Jeff Hoffman’s career has provided him with many hats to wear: successful entrepreneur, proven CEO, worldwide motivational speaker, Hollywood film producer, and a producer of a Grammy winning jazz album. Jeff has had various roles in companies large and small, along with being the founder of multiple startups. Along the path of this career, Jeff one day noticed a sign that said “You may be successful, but will you matter?” Along with the concept of using your career to make a difference, that is the essence of Jeff’s contribution to Paper Napkin Wisdom.
Conventional wisdom in the entrepreneur world states that you can either be someone who cares about doing good - i.e. a social entrepreneur - or you can concentrate on making money. In Jeff’s experience, however, this is not a binary decision - the two elements are not mutually exclusive. Your product may not change the world, but your life should: the results of your effort - what you do with your success, your life, your time - can make the world better around you. In Jeff’s mind, the definition of “mattering”: how many other people’s lives have you made better?
To think of this concept another way, money is often required to make a difference, so you shouldn’t feel guilty about being successful, as long as your success leads to positive change around you. The benefit you find from using your time to help someone else cannot truly be quantified. The story Jeff shares is of spending time with the elderly who did not seem to have anyone else to keep them company. More specifically, he regularly took one woman to a local diner because all she wanted was a piece of pie. It became such a joy for her that her caretakers at the nursing home described her as “counting the days until pie day.”
Jeff’s experience sharing his time with the elderly clarified something for him: entrepreneurs who are only chasing money are usually the ones who quit first. People that are driven by purpose, however, far outperform those who are driven by paycheck. When you know that your efforts and your work matter, it becomes a driver for your success. This kind of confidence also becomes contagious - for potential investors, customers, and employees.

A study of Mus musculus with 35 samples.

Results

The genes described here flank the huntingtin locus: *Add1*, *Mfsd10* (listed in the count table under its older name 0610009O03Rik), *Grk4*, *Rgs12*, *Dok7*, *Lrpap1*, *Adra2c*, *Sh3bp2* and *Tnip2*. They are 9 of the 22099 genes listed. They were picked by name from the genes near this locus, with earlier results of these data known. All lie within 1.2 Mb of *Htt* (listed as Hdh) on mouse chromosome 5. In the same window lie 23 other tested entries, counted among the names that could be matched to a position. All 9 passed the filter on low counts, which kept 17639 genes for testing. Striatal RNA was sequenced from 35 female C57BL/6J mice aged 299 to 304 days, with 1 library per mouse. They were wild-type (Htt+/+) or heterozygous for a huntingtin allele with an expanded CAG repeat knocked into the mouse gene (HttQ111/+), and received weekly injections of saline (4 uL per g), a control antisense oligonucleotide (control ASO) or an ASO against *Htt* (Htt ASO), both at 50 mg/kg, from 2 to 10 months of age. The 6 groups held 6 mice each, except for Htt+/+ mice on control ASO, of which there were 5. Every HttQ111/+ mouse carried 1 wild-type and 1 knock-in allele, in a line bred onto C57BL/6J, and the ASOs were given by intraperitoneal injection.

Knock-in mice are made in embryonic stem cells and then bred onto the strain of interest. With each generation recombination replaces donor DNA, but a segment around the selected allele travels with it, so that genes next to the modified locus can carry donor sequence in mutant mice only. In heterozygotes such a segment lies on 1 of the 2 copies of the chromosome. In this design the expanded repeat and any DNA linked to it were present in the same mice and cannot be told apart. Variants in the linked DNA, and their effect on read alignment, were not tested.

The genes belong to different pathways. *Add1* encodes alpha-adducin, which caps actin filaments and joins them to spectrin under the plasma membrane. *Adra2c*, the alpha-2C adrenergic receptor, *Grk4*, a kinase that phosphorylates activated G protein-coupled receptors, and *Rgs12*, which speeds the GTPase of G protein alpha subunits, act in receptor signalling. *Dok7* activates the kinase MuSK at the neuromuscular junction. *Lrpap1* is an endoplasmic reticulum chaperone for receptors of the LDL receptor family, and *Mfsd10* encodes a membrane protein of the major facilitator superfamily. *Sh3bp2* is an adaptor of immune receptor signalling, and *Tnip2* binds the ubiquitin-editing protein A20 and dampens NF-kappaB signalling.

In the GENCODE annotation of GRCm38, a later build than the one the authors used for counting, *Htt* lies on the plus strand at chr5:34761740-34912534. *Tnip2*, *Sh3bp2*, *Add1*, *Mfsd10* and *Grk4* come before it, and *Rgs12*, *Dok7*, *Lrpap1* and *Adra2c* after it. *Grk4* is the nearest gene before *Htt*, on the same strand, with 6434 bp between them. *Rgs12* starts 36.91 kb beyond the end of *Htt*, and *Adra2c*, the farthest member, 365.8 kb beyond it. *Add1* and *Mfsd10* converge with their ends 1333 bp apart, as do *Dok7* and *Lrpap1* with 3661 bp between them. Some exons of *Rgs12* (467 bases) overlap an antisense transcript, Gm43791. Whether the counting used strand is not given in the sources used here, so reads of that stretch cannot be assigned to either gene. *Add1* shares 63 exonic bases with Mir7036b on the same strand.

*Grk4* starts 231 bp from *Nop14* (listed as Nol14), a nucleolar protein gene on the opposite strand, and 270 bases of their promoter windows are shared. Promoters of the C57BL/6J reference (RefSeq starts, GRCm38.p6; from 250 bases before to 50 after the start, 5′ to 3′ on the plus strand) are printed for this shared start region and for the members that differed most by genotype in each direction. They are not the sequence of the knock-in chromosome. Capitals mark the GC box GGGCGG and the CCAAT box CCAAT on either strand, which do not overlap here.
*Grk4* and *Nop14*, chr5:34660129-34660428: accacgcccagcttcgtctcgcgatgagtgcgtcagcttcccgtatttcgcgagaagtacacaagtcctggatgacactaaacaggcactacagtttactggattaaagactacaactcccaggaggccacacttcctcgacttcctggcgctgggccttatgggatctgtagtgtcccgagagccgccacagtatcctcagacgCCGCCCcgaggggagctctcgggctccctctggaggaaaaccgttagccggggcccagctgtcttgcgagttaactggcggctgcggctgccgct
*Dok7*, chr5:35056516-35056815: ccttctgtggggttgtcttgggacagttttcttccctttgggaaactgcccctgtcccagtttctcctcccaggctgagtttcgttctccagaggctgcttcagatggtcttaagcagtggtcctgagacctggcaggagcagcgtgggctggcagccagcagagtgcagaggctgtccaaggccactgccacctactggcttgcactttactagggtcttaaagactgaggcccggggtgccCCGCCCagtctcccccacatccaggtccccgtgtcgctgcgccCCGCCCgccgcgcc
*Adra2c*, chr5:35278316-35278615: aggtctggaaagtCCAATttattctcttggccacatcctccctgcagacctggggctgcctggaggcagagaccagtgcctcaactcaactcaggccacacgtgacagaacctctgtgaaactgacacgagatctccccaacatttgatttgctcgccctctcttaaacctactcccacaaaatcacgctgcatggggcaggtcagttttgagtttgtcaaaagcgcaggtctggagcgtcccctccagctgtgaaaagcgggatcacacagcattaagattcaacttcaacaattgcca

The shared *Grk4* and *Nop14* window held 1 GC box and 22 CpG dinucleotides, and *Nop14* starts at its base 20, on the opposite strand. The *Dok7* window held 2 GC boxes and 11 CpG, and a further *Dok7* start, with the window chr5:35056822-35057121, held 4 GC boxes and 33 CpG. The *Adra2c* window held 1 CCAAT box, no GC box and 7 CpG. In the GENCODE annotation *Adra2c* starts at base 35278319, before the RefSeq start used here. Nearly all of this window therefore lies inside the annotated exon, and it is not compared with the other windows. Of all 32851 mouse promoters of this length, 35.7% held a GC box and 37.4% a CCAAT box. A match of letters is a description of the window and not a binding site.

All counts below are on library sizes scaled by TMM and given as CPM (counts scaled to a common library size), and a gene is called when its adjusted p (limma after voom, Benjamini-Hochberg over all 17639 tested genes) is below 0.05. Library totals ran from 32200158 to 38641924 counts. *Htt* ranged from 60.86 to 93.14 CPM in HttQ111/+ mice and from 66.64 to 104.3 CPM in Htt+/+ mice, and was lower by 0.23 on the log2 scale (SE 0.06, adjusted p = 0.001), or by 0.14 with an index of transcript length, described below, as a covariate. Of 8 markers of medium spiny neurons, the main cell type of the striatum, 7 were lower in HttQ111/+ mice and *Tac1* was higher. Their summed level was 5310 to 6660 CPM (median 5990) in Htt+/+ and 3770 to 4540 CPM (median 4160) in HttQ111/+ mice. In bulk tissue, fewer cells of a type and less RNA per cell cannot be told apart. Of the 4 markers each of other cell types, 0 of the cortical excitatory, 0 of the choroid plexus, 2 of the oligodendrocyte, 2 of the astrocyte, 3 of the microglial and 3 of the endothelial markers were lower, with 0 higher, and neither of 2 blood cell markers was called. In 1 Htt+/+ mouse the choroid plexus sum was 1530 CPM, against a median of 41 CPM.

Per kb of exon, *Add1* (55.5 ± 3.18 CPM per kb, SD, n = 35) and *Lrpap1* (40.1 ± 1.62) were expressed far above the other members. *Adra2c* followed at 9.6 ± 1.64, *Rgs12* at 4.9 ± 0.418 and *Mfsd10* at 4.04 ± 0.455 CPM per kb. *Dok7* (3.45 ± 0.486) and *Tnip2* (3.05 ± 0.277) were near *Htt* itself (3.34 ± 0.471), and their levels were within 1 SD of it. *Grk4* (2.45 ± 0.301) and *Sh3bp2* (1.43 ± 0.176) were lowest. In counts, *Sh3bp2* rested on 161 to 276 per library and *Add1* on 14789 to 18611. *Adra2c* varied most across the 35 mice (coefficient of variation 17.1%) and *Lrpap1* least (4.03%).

Another vivid example from Jeff centers around the successful sale of his first startup to a Fortune 500 company. He began to notice that friends and peers were treating him differently - almost negatively. Instead of celebrating the success of the sale of his first startup, Jeff became depressed and somewhat resentful of his own achievements. Almost simultaneously with that feeling came a news story about a local shelter for battered women being closed due to lack of funding, so Jeff put two and two together and was able to assist the shelter financially. The logical lesson learned is the direct correlation between how hard he worked and his ability to make other people’s lives better, so he never felt guilty about making money again.
This accidental discovery became a financial and career philosophy, and also began to permeate his own company culture. They developed a system to take a percentage of their sales and put it into a pool, then allow the employees to decide as a team where to direct those funds (or the time that they can support). They call it the community project account. The philosophy Jeff created for himself became contagious for his team - a bonding exercise that a standard work environment could never provide.
Culturally, the end result was a stronger team of respectful, collaborative individuals. Jeff’s experience is the ultimate instance of leading by example - creating a personal philosophy powerful enough that it became influential for his team and helped strengthen/grow his business.